The Libya war: Hey, maybe leading from behind works

One anonymous Obama adviser labeled the Libya strategy “leading from behind” in an interview with the New Yorker earlier this year, a slogan that has turned into a bludgeon for Republican critics to use to assail Obama’s leadership or lack thereof. But the scenes of celebration in Tripoli make it difficult — if not impossible, as supportive statements by Sens.John McCain and Lindsey Graham demonstrated Monday — to argue with Obama’s methods. And at a moment of fiscal obsession, Qadhafi was deposed on the cheap: the most recent figures, from earlier this summer, showed just $1.1 billion in American outlays on the mission, a virtual rounding error at the Pentagon and the equivalent of a few days of involvement in Afghanistan. U.S. warplanes flew just 16 percent of the aerial sorties over the country, according to figures compiled by the Atlantic Council of the United States…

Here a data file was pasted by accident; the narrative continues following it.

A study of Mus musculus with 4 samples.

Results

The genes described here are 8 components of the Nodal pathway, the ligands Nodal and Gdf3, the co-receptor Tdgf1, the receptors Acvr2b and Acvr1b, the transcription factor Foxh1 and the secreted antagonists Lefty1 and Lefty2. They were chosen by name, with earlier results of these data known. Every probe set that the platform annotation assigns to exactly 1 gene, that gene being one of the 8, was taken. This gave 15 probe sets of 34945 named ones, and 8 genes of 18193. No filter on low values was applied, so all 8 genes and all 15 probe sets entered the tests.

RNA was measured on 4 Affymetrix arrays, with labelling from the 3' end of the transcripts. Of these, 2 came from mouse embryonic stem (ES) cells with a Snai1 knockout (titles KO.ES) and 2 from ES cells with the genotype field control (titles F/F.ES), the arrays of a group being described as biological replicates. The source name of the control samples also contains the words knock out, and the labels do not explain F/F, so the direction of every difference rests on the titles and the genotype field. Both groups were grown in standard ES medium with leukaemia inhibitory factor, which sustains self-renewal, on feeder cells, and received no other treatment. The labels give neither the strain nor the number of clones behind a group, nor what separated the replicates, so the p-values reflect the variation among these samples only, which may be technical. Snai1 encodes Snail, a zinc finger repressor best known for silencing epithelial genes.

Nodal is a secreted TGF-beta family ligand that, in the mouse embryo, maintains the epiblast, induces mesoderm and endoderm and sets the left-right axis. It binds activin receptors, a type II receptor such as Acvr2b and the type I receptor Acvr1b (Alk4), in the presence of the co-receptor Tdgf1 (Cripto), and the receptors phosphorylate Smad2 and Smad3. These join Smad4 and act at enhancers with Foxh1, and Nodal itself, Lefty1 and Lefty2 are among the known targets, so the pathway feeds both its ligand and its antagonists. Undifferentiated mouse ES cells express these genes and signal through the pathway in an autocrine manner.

“We need to give the Obama administration credit for finding a way, taking the long view, resisting the pressure to do too much to soon, resisting the old approaches which would have had the U.S. far more involved than it could have or should have been and really blazing a trail for the future of U.S. foreign policy,” said David Rothkopf, a former Clinton administration national security official…

“I don’t think this is the time to say to the president, ‘You’re a genius,’ but it is a time for those Obama haters to admit the guy made the right call under a tough set of circumstances,” said Aaron David Miller, a former State Department official now at the Woodrow Wilson International Center for Scholars in Washington.